Early on a cloudy morning, they jumped into darkness to save the world.
They didn’t know what waited for them below — many would die before their feet hit the ground or shortly thereafter — but they were duty-bound and determined to carry out the mission most of Europe had been awaiting for half a decade.
And the last words on their lips were the name “Bill Lee,” who went from his family’s Harnett County farm to both Wake Forest and NC State to become one of the nation’s most innovative military leaders. He was hand-picked by Gen. Mark Clark to plan the U.S. Army’s Airborne Command. He had every intention of being in the first wave of the 101st Division Screaming Eagle paratroopers that jumped behind enemy lines at 12:48 a.m. on the Normandy coast on June 6, 1944.
Instead, NC State alum Gen. William Carey Lee sat at the desk at his home, listening to news reports on his Zenith tube-style radio, his devoted wife Dava by his side. Lee suffered heart attacks in February and March of 1944 while preparing for his life’s crowning achievement. Military doctors prohibited him from joining his paratroopers on D-Day, sending him back to Dunn on May 30.
He could only hear the “rendezvous with history” he had promised his division when it was formed in 1942, instead of leading it.
“He never got to jump into glory,” says Mark Johnson, curator of the General William C. Lee Airborne Museum, which is located in Lee’s three-story brick house just a few blocks off Interstate 95, about halfway between Raleigh and Fayetteville. “He had that rug snatched right out from under him.”
For years, Lee’s division of well-trained paratroopers were militarily controversial, modeled after German parachutists that Lee studied while serving in Europe in the 1930s. President Franklin Roosevelt and his old guard staff had little use for the pioneers of the Airborne Command, but British Prime Minister Winston Churchill was intrigued after seeing Lee’s troops in action at Camp Jackson in Columbia, South Carolina.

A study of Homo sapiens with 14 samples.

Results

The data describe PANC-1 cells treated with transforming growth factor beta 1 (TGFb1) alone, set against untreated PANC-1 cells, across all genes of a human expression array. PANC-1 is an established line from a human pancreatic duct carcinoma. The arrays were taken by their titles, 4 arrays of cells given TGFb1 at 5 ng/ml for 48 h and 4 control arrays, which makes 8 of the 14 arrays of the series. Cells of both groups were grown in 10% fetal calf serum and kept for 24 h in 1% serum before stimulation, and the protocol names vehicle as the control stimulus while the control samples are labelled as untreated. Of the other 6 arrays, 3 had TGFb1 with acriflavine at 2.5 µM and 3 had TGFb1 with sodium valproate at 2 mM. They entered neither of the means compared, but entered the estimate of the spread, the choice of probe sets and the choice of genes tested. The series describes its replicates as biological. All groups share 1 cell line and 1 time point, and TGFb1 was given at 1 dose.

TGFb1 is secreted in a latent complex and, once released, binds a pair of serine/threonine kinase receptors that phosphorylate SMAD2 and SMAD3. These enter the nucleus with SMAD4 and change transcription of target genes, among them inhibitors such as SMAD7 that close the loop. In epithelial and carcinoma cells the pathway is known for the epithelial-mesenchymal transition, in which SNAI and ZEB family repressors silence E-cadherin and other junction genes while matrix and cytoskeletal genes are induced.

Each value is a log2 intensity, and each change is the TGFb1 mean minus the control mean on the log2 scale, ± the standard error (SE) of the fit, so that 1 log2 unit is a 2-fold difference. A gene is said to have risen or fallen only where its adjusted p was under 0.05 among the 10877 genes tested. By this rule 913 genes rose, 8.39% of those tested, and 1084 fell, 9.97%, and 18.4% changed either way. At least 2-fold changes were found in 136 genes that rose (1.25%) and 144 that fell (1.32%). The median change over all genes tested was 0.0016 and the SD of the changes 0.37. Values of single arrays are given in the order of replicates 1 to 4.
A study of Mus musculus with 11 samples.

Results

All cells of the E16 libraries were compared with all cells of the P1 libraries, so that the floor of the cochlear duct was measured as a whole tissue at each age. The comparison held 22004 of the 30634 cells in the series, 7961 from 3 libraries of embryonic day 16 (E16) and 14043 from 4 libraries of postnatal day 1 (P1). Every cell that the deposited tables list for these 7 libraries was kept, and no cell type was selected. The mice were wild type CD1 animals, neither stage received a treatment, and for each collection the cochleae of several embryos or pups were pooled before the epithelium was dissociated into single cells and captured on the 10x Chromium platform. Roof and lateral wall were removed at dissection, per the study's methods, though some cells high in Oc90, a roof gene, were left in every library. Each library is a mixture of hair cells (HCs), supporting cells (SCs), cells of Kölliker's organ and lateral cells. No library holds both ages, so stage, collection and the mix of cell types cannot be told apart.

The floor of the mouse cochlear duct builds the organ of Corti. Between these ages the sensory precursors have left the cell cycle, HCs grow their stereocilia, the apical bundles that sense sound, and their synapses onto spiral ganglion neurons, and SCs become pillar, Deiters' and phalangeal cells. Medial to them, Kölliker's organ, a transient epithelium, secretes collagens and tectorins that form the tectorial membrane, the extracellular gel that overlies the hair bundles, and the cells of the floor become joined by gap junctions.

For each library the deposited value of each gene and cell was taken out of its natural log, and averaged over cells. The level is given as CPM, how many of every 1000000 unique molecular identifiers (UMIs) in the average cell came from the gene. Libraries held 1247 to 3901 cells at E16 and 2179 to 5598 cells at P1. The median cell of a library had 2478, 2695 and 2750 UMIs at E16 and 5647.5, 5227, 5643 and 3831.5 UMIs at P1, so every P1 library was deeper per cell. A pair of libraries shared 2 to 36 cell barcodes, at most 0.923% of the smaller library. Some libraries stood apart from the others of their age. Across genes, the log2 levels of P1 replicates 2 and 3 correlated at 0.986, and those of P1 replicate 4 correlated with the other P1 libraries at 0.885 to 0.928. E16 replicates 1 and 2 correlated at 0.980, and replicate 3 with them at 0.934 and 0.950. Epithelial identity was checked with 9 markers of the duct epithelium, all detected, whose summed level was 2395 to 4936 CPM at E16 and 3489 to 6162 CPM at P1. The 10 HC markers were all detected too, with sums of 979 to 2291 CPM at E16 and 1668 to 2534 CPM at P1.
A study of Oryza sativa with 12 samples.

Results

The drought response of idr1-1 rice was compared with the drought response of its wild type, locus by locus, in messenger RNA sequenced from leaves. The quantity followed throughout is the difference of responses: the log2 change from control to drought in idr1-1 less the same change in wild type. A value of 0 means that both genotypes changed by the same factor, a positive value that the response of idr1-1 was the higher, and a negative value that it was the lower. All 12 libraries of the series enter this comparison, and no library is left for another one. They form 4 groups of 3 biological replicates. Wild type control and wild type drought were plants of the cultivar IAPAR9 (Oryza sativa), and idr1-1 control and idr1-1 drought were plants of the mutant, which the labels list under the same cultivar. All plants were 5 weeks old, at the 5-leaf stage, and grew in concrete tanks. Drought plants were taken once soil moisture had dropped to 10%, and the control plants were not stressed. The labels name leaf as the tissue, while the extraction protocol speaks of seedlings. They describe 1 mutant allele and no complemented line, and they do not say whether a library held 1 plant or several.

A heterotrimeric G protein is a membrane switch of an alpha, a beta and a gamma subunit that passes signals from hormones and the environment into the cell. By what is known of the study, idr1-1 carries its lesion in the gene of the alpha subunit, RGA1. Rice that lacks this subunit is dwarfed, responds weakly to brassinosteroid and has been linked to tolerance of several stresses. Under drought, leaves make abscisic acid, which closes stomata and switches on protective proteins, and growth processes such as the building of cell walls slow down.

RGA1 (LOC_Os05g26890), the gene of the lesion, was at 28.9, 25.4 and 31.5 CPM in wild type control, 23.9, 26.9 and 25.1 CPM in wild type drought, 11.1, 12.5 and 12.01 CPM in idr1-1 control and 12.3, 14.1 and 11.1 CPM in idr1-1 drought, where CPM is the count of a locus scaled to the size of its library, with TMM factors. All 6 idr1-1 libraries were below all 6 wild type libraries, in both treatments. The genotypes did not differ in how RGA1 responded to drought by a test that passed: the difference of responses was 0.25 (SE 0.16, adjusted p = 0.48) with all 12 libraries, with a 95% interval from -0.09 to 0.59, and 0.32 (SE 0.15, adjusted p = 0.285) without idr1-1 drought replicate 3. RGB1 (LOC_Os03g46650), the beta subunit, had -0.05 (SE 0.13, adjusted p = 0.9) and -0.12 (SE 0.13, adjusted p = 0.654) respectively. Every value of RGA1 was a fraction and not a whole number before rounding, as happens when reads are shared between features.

When General Dwight D. Eisenhower planned Operation Overlord, which celebrates its 75th anniversary on Thursday, the paratroopers and airplane gliders were a key component of the surprise attack. They were charged with securing the bridges behind the Normandy beaches, preventing reinforcements from coming to the aid of the German artillery batteries already hunkered into machine gun nests on the beach, and allowing the Allied invaders who made it off the beaches a safe route to France’s interior.
Cloudy conditions created chaos in the nighttime sky, but the thousands of troops Lee had trained and developed accomplished their mission that night and continued to provide support as the Allies charged through Belgium, the Netherlands and into the Battle of the Bulge in the war’s crucial final months.
Son of the Sandhills
Lee was a simple son of the Sandhills when he left Dunn in 1913 for Wake Forest College, the school of choice for generations of Baptists like Lee and his family. Lee excelled at football and baseball, but decided to transfer to the North Carolina School for Agriculture and Mechanic Arts (now NC State) after two years because Wake had no ROTC military training programs.
Lee starred in both sports for the Farmers, but left before graduating in 1916 to become a military instructor at Turlington Academy, before enlisting in the U.S. Army in June 1918 for the final days of World War I. He returned to NC State as a military instructor and head of the ROTC program from 1922-26. Through his work in Panama and Germany, he became friends with fellow Sigma Nu fraternity member George Marshall, who play a key role in advancing Lee’s career.
Eventually, through summer school and correspondence courses, Lee earned his NC State degree in 1936.
Three weeks after V-E Day, Lee was presented an honorary Doctor of Military Science by Chancellor John Harrelson, also a veteran of both world wars, at the school’s May 25, 1945, commencement exercises.
Lee’s stressful but accomplished life ended at the age of 53, when he died on June 25, 1948, in his home in Dunn. He was buried with full military honors at Greenwood Cemetery, a few dozen blocks from where he was born.
The museum in his family home, dedicated on June 6, 1986, honors his life, military career and athletic accomplishments at both NC State and Wake Forest. Along with displays of his uniforms, early parachutes and other military artifacts, there is a modified molded Riddell football helmet that Lee and his paratroopers used as a makeshift safety device.
It’s one of the many things Lee took from his college career as he left home to do his part to save the world.